I try not to be John Pinette at the grocery store. I don't tell people what to buy, and I don't grumble at the nice folks who wait for the total before looking for their check book. I try to be polite, say excuse me when I need to get by. When someone is parked in front of the stuff I'm trying to select, I don't make a big production out of looking past them. I do most of the shopping and cooking, so I get a lot of practice.
I don't buy a lot of honey. There is, however, an amazing array of the stuff. Organic, free-range bee honey, Australian Manly-Man honey. I swear there was even honey certified to have been made solely through wind power. I was weighing my options (literally - it's how much per ounce!?) and a woman chuckled at me.
"Welcome to our world," she said. "Don't worry, you'll get used to it." This caused another woman to join in, commenting about understanding food choices. Grocery stores, apparently, are about learning how to make decisions.
"This is a complex piece of machinery. One of the Weber kettles would be a nice starter set, something to get your feet wet."
That's called being an asshole.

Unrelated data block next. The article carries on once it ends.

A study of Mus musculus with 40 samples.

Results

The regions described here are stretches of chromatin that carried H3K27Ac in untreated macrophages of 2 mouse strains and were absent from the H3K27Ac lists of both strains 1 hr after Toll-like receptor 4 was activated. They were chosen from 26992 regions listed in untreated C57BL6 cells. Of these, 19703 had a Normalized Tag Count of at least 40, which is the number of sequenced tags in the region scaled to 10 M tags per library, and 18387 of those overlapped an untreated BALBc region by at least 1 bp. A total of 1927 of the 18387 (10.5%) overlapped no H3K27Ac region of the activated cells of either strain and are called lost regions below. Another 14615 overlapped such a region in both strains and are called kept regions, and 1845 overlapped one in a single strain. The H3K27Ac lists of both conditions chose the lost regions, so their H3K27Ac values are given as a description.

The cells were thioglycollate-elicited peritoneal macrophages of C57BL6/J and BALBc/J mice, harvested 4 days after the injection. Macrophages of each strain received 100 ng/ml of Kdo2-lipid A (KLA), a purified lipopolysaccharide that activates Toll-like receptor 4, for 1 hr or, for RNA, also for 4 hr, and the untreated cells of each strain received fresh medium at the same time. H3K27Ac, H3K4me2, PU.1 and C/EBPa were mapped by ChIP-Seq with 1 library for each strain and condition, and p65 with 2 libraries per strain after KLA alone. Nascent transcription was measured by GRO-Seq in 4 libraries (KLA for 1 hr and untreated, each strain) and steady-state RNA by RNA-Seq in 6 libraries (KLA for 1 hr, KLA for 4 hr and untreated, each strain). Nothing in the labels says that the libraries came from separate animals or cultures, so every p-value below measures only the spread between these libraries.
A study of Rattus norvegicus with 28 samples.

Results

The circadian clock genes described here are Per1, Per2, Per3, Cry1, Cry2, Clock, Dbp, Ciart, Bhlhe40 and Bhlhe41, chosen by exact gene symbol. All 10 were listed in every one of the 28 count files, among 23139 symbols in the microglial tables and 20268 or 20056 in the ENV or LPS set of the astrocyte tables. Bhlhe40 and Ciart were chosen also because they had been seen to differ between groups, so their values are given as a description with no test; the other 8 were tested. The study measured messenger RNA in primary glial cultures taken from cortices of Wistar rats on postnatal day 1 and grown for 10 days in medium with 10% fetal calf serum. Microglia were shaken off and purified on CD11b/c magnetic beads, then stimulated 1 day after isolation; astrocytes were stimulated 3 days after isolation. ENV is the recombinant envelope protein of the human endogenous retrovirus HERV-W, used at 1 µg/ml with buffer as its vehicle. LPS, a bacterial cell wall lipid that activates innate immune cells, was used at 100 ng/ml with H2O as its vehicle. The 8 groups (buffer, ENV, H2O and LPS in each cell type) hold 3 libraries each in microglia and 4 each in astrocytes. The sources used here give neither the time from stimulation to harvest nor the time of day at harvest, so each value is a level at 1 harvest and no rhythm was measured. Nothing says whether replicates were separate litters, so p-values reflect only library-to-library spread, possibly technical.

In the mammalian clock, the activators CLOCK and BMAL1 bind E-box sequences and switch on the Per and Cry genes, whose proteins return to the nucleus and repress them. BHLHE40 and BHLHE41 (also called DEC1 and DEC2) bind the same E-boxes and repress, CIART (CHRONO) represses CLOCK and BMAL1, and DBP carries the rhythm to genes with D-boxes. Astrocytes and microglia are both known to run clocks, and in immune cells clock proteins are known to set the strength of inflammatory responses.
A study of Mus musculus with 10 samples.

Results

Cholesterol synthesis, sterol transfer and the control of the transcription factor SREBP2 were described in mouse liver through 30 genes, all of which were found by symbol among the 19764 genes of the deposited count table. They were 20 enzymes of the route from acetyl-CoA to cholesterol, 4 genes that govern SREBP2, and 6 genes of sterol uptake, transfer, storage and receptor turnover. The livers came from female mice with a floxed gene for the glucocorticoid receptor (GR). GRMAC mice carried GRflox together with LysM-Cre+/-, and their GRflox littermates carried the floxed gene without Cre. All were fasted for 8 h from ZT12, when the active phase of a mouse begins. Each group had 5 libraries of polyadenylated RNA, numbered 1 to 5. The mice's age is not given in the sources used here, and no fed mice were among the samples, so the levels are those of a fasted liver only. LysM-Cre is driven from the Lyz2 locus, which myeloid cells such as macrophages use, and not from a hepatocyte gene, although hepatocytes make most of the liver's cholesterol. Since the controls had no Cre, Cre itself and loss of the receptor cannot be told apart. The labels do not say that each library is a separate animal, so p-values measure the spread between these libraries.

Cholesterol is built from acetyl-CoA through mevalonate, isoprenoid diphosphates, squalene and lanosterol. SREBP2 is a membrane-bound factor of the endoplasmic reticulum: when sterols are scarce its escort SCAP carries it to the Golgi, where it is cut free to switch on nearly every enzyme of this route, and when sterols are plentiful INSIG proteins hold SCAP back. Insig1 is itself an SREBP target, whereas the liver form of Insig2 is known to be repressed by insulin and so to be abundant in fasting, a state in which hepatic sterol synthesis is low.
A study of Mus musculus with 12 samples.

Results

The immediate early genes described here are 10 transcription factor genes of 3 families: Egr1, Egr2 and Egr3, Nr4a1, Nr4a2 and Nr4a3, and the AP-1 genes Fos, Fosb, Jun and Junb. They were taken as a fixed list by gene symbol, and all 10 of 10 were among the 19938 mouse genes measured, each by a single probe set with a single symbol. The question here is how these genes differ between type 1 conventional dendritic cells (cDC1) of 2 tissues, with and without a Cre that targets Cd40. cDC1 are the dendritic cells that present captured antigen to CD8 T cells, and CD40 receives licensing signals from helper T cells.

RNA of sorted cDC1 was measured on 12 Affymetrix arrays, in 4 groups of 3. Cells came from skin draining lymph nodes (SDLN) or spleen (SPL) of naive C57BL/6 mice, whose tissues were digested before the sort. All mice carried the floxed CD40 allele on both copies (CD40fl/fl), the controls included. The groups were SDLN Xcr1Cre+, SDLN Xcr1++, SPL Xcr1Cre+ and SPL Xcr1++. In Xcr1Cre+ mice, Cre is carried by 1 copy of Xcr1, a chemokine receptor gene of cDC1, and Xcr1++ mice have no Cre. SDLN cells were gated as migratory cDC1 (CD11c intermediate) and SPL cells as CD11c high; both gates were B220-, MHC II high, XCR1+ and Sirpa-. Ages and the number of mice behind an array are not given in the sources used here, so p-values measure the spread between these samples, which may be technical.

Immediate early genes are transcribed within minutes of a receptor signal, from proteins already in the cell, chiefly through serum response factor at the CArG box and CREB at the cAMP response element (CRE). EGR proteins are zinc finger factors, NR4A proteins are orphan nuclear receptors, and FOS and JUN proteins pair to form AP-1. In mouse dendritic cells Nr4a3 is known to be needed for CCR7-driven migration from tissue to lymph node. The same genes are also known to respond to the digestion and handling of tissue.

I have done our grocery shopping for (easily) fifteen years. No, I'm not looking for accolades (or sympathy). Fact of the matter is I love managing the household menu. Standing there explaining that to these delightful women would seem...overkill.
But I did text several people about it. In 2015 that counts as a snappy comeback, right?
UPDATE: Buying beer at a Wegmans in Henrietta, NY, I am asked for ID. This is not an issue, because it has to be entered into their drug buyer data base. When I present a Colorado license the clerk summons a manager, because I have provided an out of state ID and it needs to be approved.
Wait... I may not look 60, but what are the chances I have procured a fake Colorado driver's license so I can buy beer in New York?
Just what the hell is going on in grocery stores?